The findings of the McLellan Commission, set up to investigate the issue of abuse in the Scottish Church, will be published today.
Dr Andrew McLellan, a non-Catholic, led an independent review of how the Church handles allegations of abuse. A number of abuse victims were interviewed during the course of the commission’s investigations.
Dr McLellan, who is a former moderator of the Presbyterian Church of Scotland, was asked to come up with proposals to make Scotand’s Catholic Church “a safe place for all”.
Others members of the commission include Malcolm Graham, assistant chief constable of Police Scotland, and Kathleen Marshall, former commissioner for Children and Young People.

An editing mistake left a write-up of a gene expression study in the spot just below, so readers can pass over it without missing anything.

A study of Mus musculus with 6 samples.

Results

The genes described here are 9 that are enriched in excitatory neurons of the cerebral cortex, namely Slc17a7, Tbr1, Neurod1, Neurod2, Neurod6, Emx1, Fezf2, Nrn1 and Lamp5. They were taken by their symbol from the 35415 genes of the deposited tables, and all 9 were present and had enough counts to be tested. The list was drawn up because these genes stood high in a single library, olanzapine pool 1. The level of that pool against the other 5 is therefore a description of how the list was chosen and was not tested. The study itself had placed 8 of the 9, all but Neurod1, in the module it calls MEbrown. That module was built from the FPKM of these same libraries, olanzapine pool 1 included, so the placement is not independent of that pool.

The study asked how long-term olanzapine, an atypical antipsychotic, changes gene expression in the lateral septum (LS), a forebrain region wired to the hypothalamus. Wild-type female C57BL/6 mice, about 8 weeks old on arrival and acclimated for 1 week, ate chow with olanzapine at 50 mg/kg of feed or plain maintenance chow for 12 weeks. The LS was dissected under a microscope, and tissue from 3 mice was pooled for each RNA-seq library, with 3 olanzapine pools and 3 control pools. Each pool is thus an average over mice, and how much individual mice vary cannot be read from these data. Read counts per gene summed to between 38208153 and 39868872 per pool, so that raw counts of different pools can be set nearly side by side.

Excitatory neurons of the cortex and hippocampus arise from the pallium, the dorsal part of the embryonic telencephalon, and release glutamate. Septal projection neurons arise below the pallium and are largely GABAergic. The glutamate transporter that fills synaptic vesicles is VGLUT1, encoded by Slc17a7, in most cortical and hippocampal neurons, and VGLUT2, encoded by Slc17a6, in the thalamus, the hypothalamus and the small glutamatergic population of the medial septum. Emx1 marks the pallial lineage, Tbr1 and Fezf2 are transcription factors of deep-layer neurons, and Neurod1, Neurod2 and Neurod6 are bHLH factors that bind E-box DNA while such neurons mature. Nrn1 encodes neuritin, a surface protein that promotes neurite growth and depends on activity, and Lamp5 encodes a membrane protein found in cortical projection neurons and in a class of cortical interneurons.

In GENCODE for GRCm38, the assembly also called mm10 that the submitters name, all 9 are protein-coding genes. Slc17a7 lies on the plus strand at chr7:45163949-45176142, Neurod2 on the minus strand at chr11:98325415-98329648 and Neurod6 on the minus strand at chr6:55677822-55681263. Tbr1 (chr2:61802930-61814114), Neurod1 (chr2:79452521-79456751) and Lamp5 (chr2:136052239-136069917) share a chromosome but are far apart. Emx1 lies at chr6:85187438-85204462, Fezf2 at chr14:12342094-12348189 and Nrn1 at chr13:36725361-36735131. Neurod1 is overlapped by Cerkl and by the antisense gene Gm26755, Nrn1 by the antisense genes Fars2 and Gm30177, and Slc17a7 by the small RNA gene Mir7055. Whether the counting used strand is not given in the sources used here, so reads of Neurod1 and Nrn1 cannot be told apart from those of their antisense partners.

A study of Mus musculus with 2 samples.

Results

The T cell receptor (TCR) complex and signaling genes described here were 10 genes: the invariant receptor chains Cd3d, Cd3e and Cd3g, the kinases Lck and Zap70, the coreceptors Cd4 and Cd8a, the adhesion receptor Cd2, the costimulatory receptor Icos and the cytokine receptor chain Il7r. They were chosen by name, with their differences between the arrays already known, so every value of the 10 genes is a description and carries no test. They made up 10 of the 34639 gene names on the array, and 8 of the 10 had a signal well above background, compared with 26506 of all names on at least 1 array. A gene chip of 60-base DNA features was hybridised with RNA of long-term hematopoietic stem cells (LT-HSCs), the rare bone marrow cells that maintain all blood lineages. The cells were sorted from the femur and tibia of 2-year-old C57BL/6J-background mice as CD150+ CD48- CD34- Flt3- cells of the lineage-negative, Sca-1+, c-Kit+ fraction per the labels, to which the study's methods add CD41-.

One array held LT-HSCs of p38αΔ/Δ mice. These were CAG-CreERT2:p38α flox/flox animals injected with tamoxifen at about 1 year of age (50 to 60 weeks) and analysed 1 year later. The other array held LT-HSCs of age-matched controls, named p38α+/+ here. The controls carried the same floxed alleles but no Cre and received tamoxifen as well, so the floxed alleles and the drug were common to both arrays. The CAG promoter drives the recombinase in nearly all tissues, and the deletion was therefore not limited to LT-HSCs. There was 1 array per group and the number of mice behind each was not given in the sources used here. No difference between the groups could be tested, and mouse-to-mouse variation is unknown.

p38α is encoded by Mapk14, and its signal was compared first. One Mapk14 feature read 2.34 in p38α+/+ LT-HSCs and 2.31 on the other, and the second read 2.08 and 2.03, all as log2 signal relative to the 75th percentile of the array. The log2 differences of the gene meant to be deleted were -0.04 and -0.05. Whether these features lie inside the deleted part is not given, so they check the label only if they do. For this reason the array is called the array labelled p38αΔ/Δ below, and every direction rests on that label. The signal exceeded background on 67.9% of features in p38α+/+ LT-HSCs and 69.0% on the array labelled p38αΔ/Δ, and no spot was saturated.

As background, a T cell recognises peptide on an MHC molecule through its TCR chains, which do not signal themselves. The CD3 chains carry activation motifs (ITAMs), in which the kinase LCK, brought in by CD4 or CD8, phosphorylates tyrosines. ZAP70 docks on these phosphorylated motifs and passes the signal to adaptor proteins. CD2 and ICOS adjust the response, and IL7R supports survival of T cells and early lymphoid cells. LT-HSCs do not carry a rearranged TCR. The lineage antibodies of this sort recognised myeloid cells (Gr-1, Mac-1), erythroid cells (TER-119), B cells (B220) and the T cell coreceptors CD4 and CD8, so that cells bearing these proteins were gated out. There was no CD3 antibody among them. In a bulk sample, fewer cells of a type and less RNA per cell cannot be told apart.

Archbishop Philip Tartaglia, the president of the Bishops’ Conference for Scotland, will respond to the commission’s finding during a Mass in Glasgow later today.
The setting up of the McLellan Commission followed a number of scandals in the Scottish Church, including Cardinal Keith O’Brien resigning as Archbishop of St Andrews and Edinburgh two years ago following allegations of sexual misconduct.
The Church also faced allegations of abuse connected to the Catholic boarding school, Fort Augustus Abbey, in the Highlands, which closed in the 1990s.
Alongside the review, the Scottish Church has pledged to publish annual audits of abuse allegations it receives – it has so far published two – and it has also announced a review of historic abuse allegations between 1947 and 2005, the findings of which will be published at a later date.